Next-Gen 3D Rendering Technology: Voxel Ray Casting

After our coverage of ray tracing a little while back, let’s continue our overview of the rendering techniques that could replace, or at the very least, complement triangle rasterization as we know it today.

As those who read our previous article already know, we aren’t really convinced of the viability of ray tracing in real time (Ed.: this would seem to be backed up by Intel's recent demonstration of Larrabee ray tracing Enemy Territory at mediocre frame rates). That opinion would also seem to be held by most developers of video games, including one of the celebrities of the gaming world, John Carmack. Here’s what he told our colleagues at PC Perspective:

“I think that ray tracing in the classical sense, of analytically intersecting rays with conventionally defined geometry, whether they be triangle meshes or higher order primitives, I’m not really bullish on that taking over for primary rendering tasks, which is essentially what Intel is pushing. There are large advantages to rasterization from a performance standpoint and many of the things that they argue as far as using efficient culling technologies to be able to avoid referencing a lot of geometry, those are really bogus arguments because you could do similar things with occlusion queries and conditional renders with rasterization. Head to head rasterization is just a vastly more efficient use of whatever transistors you have available.”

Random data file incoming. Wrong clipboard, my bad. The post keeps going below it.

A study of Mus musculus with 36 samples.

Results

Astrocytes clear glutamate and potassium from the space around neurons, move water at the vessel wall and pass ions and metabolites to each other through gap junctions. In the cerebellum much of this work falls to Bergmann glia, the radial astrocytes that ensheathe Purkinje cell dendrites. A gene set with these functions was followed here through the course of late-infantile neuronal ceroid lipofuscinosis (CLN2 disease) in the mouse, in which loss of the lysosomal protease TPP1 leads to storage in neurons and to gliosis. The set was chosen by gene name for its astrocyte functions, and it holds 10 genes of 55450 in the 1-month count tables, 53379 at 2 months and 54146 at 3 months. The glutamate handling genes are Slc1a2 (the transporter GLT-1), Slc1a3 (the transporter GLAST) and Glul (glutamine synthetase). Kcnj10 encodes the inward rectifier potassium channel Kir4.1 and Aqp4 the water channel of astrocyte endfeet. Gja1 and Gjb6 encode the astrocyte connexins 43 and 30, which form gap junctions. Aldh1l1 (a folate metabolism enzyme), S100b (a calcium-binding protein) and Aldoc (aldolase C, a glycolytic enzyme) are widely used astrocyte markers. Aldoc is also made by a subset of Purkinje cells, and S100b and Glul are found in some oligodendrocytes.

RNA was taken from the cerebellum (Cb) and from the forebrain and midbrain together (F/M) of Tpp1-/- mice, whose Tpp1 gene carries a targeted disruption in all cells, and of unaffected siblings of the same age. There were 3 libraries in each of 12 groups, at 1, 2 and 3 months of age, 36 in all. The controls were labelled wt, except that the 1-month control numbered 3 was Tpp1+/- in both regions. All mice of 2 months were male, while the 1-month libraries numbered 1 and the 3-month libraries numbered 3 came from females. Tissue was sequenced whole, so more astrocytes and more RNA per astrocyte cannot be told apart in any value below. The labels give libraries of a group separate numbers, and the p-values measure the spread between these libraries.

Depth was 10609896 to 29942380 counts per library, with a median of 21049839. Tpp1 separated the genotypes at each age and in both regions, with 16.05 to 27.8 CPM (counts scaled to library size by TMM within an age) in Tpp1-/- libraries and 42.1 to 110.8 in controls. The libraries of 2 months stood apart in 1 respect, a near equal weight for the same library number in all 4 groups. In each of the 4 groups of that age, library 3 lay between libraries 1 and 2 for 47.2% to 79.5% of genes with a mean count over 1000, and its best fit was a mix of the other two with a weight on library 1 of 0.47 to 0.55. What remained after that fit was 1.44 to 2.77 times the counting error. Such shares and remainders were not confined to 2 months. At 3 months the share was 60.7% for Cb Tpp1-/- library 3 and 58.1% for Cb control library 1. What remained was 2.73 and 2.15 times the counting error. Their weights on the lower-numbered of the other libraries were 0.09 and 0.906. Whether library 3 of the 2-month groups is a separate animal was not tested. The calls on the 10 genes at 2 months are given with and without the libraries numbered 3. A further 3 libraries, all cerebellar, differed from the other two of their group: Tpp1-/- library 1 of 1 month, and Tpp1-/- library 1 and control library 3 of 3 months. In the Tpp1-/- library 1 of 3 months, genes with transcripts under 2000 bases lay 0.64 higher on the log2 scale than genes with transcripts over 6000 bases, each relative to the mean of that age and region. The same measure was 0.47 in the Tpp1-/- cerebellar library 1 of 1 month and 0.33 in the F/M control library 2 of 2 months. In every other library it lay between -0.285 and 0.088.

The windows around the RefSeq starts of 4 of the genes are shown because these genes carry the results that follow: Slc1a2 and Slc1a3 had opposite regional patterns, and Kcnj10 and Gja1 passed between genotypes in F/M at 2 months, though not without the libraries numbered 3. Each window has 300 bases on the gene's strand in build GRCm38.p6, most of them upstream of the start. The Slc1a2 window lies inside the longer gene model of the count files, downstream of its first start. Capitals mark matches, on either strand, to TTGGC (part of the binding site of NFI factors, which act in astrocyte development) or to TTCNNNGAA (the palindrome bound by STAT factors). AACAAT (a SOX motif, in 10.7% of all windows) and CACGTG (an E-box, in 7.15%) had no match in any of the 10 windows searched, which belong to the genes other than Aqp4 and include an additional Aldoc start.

If John Carmack doesn’t seem all that excited about ray tracing, it’s not because he’s unusually conservative and wants to see triangle rasterization remain the unchallenged rendering technique. As reported here a year ago, John Carmack has his own idea of the future of real-time rendering, and it involves voxel ray casting. Since then, we’ve seen Jon Olick’s presentation at SIGGRAPH, and many details have been leaked. So it’s time to take a closer look at what id Software has in store for us.

    waxdart , 21 October 2009 23:54
    The "real world" is more made up from little Voxels (molecules, atoms, matter) than it is polygons.

    It will take some computer to have a games character with all the internal organs, bones and cardiovascular systems simulated too.

    But it will get to the level one day. Each Voxels will have to know it its bone or not and how it needs to interact with other Voxels "molecules".

    Make a head shot more ikie that it needs to be.
  • 1 Hide
    ma701apm , 22 October 2009 19:32
    I've never seen a voxel, pixies maybe.
  • 1 Hide
    Anonymous , 22 October 2009 22:32
    You've seen pixies ?? Man, you must've really been smoking that sh*t.
  • 0 Hide
    gaborbarla , 26 October 2009 17:32
    Does this mean that Pixar will have to change its name to Voxar?
  • 1 Hide
    Anonymous , 10 December 2009 17:08
    What really exites me is Caustics' realtime raytracing hardware - particularly for use with 3ds Max / Mental Ray - and if it becomes available for every pocket either integrated or as a complimentary card to a Quadro ( the range now having entry level cards ).I assume the tech woukld be adapted for gamers too.